Protecting your deposit if you rent a house or flat
How can you make sure your rental deposit isn’t taken by an unscrupulous landlord? Make sure you know the rules
If you rent your home from a private landlord on an assured shorthold tenancy (AST), which accounts for the vast majority of rental agreements, any deposit you give upfront must be covered by a protection scheme. This applies to tenancies that started or were renewed after April 2007. Until the beginning of the month this only applied to England and Wales, but from July 2nd Scottish landlords will also have to protect their tenants’ deposits. How do these schemes work and how can you get your money back if there’s a problem?
Squatting is now a criminal offence in England and Wales
Landlords should be able to evict squatters more easily, but some have criticised the law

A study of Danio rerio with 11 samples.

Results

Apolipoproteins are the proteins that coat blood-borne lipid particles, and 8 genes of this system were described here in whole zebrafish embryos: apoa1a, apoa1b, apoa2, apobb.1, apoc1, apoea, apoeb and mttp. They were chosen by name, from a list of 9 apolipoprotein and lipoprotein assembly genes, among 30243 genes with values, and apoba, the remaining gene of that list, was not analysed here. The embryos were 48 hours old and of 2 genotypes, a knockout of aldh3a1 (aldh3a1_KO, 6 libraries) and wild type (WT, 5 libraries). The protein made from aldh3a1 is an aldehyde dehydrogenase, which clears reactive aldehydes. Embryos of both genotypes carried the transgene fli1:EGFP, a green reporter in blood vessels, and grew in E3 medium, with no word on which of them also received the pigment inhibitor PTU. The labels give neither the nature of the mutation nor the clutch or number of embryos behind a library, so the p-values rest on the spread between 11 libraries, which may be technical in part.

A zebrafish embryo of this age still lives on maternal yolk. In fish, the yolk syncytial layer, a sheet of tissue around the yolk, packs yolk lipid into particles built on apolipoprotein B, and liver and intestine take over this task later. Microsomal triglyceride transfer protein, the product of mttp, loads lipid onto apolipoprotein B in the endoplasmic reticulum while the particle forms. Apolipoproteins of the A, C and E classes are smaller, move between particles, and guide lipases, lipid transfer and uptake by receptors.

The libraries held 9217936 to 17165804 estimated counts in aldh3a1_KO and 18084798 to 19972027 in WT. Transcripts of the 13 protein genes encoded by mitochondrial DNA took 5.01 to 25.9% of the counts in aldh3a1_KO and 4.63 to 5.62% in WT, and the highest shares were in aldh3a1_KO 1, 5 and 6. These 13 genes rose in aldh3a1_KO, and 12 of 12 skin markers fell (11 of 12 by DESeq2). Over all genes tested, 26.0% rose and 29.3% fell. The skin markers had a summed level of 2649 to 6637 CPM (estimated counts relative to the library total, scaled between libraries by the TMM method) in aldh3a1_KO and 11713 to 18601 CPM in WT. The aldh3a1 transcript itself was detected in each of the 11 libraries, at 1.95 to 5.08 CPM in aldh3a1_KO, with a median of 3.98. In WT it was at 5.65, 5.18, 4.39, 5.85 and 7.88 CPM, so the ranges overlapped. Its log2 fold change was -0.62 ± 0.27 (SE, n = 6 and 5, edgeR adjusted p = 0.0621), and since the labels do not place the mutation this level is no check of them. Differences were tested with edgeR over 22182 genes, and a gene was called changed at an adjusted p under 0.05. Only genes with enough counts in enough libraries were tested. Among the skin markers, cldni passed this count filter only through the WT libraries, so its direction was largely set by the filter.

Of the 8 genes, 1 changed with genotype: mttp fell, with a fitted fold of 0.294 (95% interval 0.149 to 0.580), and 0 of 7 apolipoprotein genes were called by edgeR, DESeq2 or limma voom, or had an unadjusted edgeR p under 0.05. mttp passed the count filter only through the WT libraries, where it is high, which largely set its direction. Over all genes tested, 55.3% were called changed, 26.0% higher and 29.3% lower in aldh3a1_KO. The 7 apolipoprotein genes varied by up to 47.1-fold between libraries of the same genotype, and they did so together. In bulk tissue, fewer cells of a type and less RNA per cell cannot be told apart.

A new law means that it's now a criminal offence to squat in a residential property. Until now it's been a civil matter and some property owners have complained that it can take a lot of time and expense to evict a squatter. The new law has divided opinion with the National Landlords Association, which represents individual landlords, saying it doesn't go far enough and some housing charities saying that criminalising squatters is the wrong approach. Here’s what the new law says and what it could mean.
Are you able to claim back commission you've paid a letting agent in the past?
If you're a landlord who used a letting agency to find you a tenant for a property, are you still paying them commission?
By Polly Botsford, legal journalist.
An ‘introduction fee’ or commission is often charged by estate agents and letting agents who find a tenant for a private landlord. In the past, some agents have also charged what is known as rent renewal commission. That is, they continued to charge a commission for all the subsequent years that the tenant was paying rent in the property – and that commission was as much as 11% of the annual rent.